Linux Distro: Tails - You Can Never Be Too Paranoid

Tails is a live media Linux distro designed boot into a highly secure desktop environment. You may remember that we looked at a US government distro with similar aims a few months ago, but Tails is different because it is aimed at the privacy conscious “normal user” rather than government workers.

Tails takes the form of a bootable live image that can be used from a CD ROM, a USB stick or via a network boot. Once booted, it executes from RAM, taking care not to make use of a swap partition. The desktop is Gnome 2.0 and the applications are a fairly standard selection. The web browser is an old, but usable, version of Iceweasel 3.5 (Debian Firefox). There are other applications to handle graphics work, audio editing, media playback, text editing, instant messaging and a email client - basically, everything you need when you’re on the run from enemy agents. Extra software can be added via the Synaptic package manager which pulls directly from the Debian repositories. So far, so similar to most other live desktop distros. Security and limited footprint on the the host machine are the areas in which the distro differs from the run of the mill.

All interactions with the Internet are passed through Tor an anonymization system. Using Tor, Tails pipes all Internet traffic emanating from your computer through a constantly shifting set of relays that are operated by a network of volunteers. Consequently, it’s then difficult for anyone to monitor your activity on the web or for web hosts to pinpoint your location. In short, your web activities are anonymous. It’s hardly an exhaustive test, but sure enough, when I visited Google News, it presumed that was located in a different country after each reboot.

The desktop itself is pretty standard fare.

The supplied version of Iceweasel comes with an extension to enable end to end encryption (HTTPS) whenever possible in order to further increase security and another one to switch Tor on and off. Many of the applications that are supplied have been tweaked in this way, to improve security. Tails also wipes the contents of RAM on shutdown, and it has a little onscreen keyboard to bypass hardware key loggers. Note that it isn't loaded down with security tools, such as those for penetration testing, although such tools can be added via the package manager. The aim of the distribution is clearly to provide a secure client and tools rather than to provide a ready-made platform for hacking.

There’s nothing to stop you using Tor to give you a secure general purpose desktop whenever you are forced to use a machine that you are not 100% sure about, security wise. Handy, if you want to check financial or other sensitive information. Beyond that, it comes into its own for denizens of oppressive regimes in which governments actively monitor Internet use and persecute free expression.

From the walkthough document:

So, what should you do when you hear them knocking? You should calmly make a clean shut-down [...] Then you wait, possibly trying to buy valuable time by barricading your door.

Scary stuff!

The Tails website.


UK based freelance writer Michael Reed writes about technology, retro computing, geek culture and gender politics.



JShuford's picture

Thank you

...I'm not just a "troll", but also a subscriber!

Liberte Linux

Anonymous's picture

Another good project is Liberte Linux. Does the same thing as Tails, but I prefer Liberte most.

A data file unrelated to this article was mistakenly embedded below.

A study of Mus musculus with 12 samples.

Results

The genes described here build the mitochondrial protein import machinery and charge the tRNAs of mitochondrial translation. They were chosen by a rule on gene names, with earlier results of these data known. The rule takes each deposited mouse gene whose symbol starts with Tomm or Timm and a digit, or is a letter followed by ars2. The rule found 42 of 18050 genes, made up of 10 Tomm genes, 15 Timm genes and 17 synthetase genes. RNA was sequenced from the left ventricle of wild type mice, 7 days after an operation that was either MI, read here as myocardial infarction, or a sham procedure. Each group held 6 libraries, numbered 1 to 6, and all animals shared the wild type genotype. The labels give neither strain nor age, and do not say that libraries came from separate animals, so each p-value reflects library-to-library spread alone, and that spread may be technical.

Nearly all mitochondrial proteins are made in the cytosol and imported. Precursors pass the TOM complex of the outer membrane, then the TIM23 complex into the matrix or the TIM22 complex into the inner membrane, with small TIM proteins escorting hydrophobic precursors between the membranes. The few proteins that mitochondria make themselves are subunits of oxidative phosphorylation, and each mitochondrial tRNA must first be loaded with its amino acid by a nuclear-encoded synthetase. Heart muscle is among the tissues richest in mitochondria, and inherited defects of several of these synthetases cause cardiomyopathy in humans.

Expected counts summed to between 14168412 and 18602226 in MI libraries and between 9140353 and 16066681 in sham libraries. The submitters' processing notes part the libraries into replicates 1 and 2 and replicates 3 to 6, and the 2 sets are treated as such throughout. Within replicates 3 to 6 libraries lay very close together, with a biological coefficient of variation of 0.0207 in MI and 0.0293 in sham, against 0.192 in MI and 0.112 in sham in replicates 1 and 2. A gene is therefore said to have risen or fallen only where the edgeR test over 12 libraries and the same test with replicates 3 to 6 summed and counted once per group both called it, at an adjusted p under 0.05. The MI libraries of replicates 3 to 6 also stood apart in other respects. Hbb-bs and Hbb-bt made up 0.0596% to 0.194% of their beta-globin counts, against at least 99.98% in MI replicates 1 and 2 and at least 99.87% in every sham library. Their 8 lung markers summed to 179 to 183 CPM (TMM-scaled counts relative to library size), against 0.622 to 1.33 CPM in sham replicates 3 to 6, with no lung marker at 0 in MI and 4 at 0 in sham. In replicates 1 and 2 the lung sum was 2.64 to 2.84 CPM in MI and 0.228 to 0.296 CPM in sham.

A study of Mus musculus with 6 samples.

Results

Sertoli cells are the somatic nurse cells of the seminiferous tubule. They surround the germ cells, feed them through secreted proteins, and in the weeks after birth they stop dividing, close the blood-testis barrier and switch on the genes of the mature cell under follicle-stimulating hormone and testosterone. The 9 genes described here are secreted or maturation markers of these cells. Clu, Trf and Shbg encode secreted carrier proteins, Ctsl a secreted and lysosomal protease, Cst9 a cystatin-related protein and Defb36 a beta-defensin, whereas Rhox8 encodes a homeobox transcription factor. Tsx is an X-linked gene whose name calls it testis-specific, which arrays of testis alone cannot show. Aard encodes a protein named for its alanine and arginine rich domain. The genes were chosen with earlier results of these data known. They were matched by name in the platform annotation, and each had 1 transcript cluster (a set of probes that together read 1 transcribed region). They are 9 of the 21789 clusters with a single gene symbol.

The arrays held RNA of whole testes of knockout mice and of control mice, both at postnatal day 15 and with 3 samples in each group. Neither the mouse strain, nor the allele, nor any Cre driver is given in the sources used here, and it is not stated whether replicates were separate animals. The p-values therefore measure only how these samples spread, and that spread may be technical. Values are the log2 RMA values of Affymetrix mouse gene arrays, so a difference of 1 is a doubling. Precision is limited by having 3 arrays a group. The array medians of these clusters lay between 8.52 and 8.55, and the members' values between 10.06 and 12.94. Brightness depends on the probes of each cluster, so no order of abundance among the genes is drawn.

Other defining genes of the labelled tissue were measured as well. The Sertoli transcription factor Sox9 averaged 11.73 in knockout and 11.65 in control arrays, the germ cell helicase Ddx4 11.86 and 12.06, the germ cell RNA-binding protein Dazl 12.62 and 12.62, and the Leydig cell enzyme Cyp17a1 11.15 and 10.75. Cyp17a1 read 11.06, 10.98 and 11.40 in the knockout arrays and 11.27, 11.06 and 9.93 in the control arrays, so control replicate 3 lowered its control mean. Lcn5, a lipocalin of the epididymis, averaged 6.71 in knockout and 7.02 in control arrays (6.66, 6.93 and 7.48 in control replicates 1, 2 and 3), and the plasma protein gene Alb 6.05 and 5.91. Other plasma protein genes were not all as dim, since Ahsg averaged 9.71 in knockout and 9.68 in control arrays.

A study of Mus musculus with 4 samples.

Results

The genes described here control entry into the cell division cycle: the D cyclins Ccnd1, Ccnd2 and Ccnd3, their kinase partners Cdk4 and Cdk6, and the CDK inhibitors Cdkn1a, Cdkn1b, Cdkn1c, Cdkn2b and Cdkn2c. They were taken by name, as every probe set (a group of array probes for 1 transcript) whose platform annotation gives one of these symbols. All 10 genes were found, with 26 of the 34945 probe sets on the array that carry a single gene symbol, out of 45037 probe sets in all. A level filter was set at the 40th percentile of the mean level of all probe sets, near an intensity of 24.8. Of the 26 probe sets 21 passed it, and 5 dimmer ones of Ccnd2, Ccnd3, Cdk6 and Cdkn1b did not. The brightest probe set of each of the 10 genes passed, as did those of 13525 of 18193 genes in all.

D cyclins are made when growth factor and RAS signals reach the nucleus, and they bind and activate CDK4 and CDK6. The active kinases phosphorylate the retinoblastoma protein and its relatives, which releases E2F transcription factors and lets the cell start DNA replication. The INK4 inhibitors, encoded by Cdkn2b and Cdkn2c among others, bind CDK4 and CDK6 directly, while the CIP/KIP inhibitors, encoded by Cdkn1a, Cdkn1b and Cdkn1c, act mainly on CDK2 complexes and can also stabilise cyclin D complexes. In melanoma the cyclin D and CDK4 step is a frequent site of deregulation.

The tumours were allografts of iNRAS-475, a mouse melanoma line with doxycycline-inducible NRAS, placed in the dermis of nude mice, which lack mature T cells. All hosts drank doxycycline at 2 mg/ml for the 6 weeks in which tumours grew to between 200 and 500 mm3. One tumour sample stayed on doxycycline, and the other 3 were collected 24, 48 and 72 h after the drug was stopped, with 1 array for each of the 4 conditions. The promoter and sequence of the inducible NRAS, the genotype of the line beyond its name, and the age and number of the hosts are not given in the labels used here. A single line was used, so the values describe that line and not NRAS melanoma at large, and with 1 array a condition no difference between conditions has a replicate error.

Image options

crb3's picture

@Michael, re x33a:

I suggest making the thumbnail a link to the fullsize image, with a "click to view image at 1:1" title field (a 'tooltip' that pops up on a mouseover). That way you've got your layout intact, but reading all the text in the image is one (double)click away. IMO that should be standard policy.

@ Micheal, I always wonder

x33a's picture

@ Micheal, I always wonder why don't you guys ever post full images. If you need to demonstrate the GUI of an OS or a program, then the screenshot should be clear enough. (In this article, it's still reasonably clear, but sometimes, the image quality/size is very bad).

This is the biggest gripe I have with LJ. If you have bandwidth problems, then you should use 3rd party image hosts.

I'll pass that remark onto

Michael Reed's picture

I'll pass that remark onto the team. What res are you browsing at, BTW?

In this case, I omitted the detail as an overview was sufficient to convey the point that I was making - that it's a fairly standard looking Gnome 2.0 desktop. Thanks for commenting.

UK based freelance writer Michael Reed writes about technology, retro computing, geek culture and gender politics.


x33a's picture

I have 1024 X 768 resolution.

It'll be even better if you post smaller images, or thumbnails in the article, but link them to a bigger and better quality image.



David Riley's picture

I agree with this. In this article it was okay as there was a decent sized image in the article, but a lot of articles only have a small thumbnail image at the start of the first paragraph. I often times click on this hoping to see a full size image so I can see certain details, and I am always disappointed when I find there is no such image. Linking the thumbnail to the full size screen capture would be perfect and very helpful.


San Bergmans's picture

Small correction of the title. It's not TALES, it's TAILS. Sounds the same, different thing.

I wrote a small story about tails on my own site, in Dutch.

Thanks for spotting that one.

Michael Reed's picture

Thanks for spotting that one. Sorry about that, guys. I've corrected it now. Shudder - that one was pretty embarrassing.

UK based freelance writer Michael Reed writes about technology, retro computing, geek culture and gender politics.